Mark Cuban Bores Me
This post will probably only serve to get me in trouble [Hi Susan!] but I think it’s worth saying…
Mark Cuban bores me, and apparently the Internet bores him. You would think this would make us even and we wouldn’t have to listen to him rant, but no.
“The Internet is Boring. Its old news. The biggest compliment I can pay to the net and to all those pioneers who got it to this point is that its boring. It works. It’s not perfect, but it works and has absolutely become a utility. We get water, electricity and now digital bits shipped to our homes. Its our choice whether to purchase any of the above, and we tend to choose all 3.”
Oookay. First, I’m not sure the Internet meets the definition of a public utility (aren’t utilities defined by what they deliver and aren’t they usually one-directional?), but I’ll let that go.
My main problem with Cuban’s ranting is that I’m not sure even he knows what he’s ranting about. First, he attacks the infrastructure of the Internet saying it’s not advancing and then he launches into a diatribe about how unimpressive the so-called Web 2.0 is. The confusing part is that he talks about these two issues like they (the infrastructure and the design) are the same thing and not, you know, completely different.
Cuban whines the Internet is boring and has become nothing more than a utility, albeit a faster working utility. It hasn’t seen any great changes and no one is doing anything close to being “oh my god” worthy.
He’s right. I so enjoyed the days of waiting 12 hours for an mp3 to download. I could go to class, come back, grab a nap, get something to eat, head out to another class, watch some TV, and then come back to find my song 80 percent finished. Things are exactly the same today as they were back then. I’m sorry, but I consider broadband a welcome advancement. I also consider Google – the company that revolutionized search for the masses – a vast improvement to Cuban’s “net”. Maybe I’m crazy.
But I’m not crazy. I don’t think you can say today’s Web is the same Web that was around a decade ago. It has seen unimaginable growth, access is now immediate and often constant, the Internet has transformed from a research-only tool to a place where users can do virtually anything from banking, to watching movies, to connecting with lost friends, to sharing photos and videos, to buying tickets and making reservations. And that’s just the tip of the iceberg.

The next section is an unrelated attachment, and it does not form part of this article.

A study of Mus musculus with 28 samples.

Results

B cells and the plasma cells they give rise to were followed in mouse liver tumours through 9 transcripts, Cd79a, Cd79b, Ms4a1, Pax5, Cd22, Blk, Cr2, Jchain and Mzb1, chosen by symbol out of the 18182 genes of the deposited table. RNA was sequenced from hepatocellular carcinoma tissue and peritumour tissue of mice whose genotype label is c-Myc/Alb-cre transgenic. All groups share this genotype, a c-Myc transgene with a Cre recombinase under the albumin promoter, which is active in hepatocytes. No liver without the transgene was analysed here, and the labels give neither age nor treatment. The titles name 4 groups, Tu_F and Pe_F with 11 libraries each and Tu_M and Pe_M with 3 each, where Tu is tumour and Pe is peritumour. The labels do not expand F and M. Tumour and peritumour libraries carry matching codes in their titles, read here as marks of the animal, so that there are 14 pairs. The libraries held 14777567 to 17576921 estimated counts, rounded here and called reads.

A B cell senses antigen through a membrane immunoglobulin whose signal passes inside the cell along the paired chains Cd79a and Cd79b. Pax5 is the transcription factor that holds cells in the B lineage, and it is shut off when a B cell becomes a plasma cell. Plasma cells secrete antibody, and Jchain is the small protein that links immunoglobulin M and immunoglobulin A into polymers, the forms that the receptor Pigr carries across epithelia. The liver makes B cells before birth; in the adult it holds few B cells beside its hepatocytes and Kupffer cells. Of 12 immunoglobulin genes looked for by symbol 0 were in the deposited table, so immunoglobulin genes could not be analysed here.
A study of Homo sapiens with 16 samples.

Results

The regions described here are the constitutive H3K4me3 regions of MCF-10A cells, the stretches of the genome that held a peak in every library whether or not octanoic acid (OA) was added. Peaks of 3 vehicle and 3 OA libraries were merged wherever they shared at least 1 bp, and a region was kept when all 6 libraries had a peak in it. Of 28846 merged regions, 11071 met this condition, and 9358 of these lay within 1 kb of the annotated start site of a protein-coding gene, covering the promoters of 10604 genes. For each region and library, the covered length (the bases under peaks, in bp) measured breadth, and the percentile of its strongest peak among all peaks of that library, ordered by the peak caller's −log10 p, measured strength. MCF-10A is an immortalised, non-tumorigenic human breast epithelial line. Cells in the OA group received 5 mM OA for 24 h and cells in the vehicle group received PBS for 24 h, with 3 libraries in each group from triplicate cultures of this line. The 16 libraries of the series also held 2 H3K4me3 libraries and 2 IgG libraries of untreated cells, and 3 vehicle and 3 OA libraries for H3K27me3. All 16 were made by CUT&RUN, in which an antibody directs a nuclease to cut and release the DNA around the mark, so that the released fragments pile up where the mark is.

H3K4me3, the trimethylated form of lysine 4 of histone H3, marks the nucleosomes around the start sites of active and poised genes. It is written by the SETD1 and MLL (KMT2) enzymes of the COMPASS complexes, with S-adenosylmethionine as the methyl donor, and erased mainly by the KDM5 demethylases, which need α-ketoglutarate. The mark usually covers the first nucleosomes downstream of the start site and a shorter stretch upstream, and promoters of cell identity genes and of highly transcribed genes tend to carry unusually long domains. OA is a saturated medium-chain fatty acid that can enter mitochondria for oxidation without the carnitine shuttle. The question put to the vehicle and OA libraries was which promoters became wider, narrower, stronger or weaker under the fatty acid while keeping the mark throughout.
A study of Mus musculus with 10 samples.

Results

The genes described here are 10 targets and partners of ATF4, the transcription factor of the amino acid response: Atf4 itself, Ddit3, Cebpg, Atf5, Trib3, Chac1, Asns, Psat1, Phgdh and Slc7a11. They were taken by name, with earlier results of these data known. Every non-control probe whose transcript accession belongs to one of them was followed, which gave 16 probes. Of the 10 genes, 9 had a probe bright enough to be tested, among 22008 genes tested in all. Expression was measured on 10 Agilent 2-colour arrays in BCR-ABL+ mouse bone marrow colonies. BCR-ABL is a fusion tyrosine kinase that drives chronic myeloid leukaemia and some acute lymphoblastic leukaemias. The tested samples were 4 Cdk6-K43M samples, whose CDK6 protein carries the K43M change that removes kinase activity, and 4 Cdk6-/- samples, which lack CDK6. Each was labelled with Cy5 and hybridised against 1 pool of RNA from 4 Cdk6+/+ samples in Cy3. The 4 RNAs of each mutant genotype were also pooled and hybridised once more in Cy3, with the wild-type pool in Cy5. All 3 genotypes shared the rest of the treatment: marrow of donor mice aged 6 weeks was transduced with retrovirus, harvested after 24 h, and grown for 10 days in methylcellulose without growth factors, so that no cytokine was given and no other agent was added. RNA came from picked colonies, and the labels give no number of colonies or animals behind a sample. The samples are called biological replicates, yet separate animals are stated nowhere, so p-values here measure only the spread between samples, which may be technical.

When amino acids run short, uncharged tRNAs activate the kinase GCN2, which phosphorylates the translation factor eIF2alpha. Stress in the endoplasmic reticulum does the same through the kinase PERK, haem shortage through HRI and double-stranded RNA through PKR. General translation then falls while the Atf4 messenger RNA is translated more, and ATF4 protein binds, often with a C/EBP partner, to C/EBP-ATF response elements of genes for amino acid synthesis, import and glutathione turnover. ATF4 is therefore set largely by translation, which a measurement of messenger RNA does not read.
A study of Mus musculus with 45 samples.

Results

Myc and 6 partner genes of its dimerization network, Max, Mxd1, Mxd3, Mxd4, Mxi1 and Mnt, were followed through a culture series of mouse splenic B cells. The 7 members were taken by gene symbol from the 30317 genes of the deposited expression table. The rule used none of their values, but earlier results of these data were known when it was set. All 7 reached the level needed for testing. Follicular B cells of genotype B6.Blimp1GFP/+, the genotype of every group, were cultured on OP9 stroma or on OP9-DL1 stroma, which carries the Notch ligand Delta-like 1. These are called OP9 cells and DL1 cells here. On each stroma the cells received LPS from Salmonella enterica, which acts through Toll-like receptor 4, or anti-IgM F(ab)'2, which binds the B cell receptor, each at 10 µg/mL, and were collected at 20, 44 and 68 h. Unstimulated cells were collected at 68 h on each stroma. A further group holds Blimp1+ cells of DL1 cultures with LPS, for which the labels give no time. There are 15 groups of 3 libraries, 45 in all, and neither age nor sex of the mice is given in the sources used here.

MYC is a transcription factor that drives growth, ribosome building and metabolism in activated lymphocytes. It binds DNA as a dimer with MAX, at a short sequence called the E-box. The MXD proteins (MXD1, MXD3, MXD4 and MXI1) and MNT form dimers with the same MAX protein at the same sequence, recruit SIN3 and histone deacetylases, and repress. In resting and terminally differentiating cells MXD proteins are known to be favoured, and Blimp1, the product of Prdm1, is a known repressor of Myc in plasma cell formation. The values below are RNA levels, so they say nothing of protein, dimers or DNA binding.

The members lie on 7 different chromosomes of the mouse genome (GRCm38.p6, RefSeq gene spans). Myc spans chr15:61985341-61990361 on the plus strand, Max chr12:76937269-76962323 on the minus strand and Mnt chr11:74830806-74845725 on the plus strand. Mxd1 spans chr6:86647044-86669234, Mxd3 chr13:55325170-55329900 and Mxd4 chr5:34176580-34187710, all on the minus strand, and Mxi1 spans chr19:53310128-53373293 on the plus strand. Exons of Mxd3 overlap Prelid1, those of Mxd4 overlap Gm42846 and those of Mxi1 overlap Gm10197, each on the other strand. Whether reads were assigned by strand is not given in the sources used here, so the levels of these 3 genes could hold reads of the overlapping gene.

Cuban somehow also manages to equate today’s user generated content phenomenon as being nothing more than slightly advanced GeoCites Web pages:
“If GeoCities had created a script to add dated journal entries and gotten rid of those ugly floating ads that made everyone hate it, would this be posted on GeoBlogMaverick? And my goodness, if GeoCities had the foresite [sic] to add the Myspace concept of friends instead of rings and host people’s media files, would we call it a revolutionary social network?”
Did you read that? I credit that comment with the pounding headache I currently I have. The thing he doesn’t seem to understand is the reason MySpace was so innovative is because no one else thought to do it. Sure, GeoCities could have created a script to allow the concept of friends, but they didn’t. I technically could have founded Google (and given it a way cooler name), but I didn’t. The most innovative ideas are always the ones that make you step back and say, hey – why didn’t I think of that.
Jay Howard left a comment on Cuban’s blog today. Jay, wherever you are, you just may be my new favorite person.
“Please, use some of your billions to take community college course on Argument, Logic and Debate. I really want to believe that you’re a smart guy. I want to believe that you’re the shark at the table and not the chump that keeps catching cards on the river. The more I read your blog, however, the more I lean towards the latter.”
Amen, my friend. Cuban, if you think the Internet is boring, use your billions to do something about it. Otherwise, you sound like a man still bitter his team choked in the NBA Finals.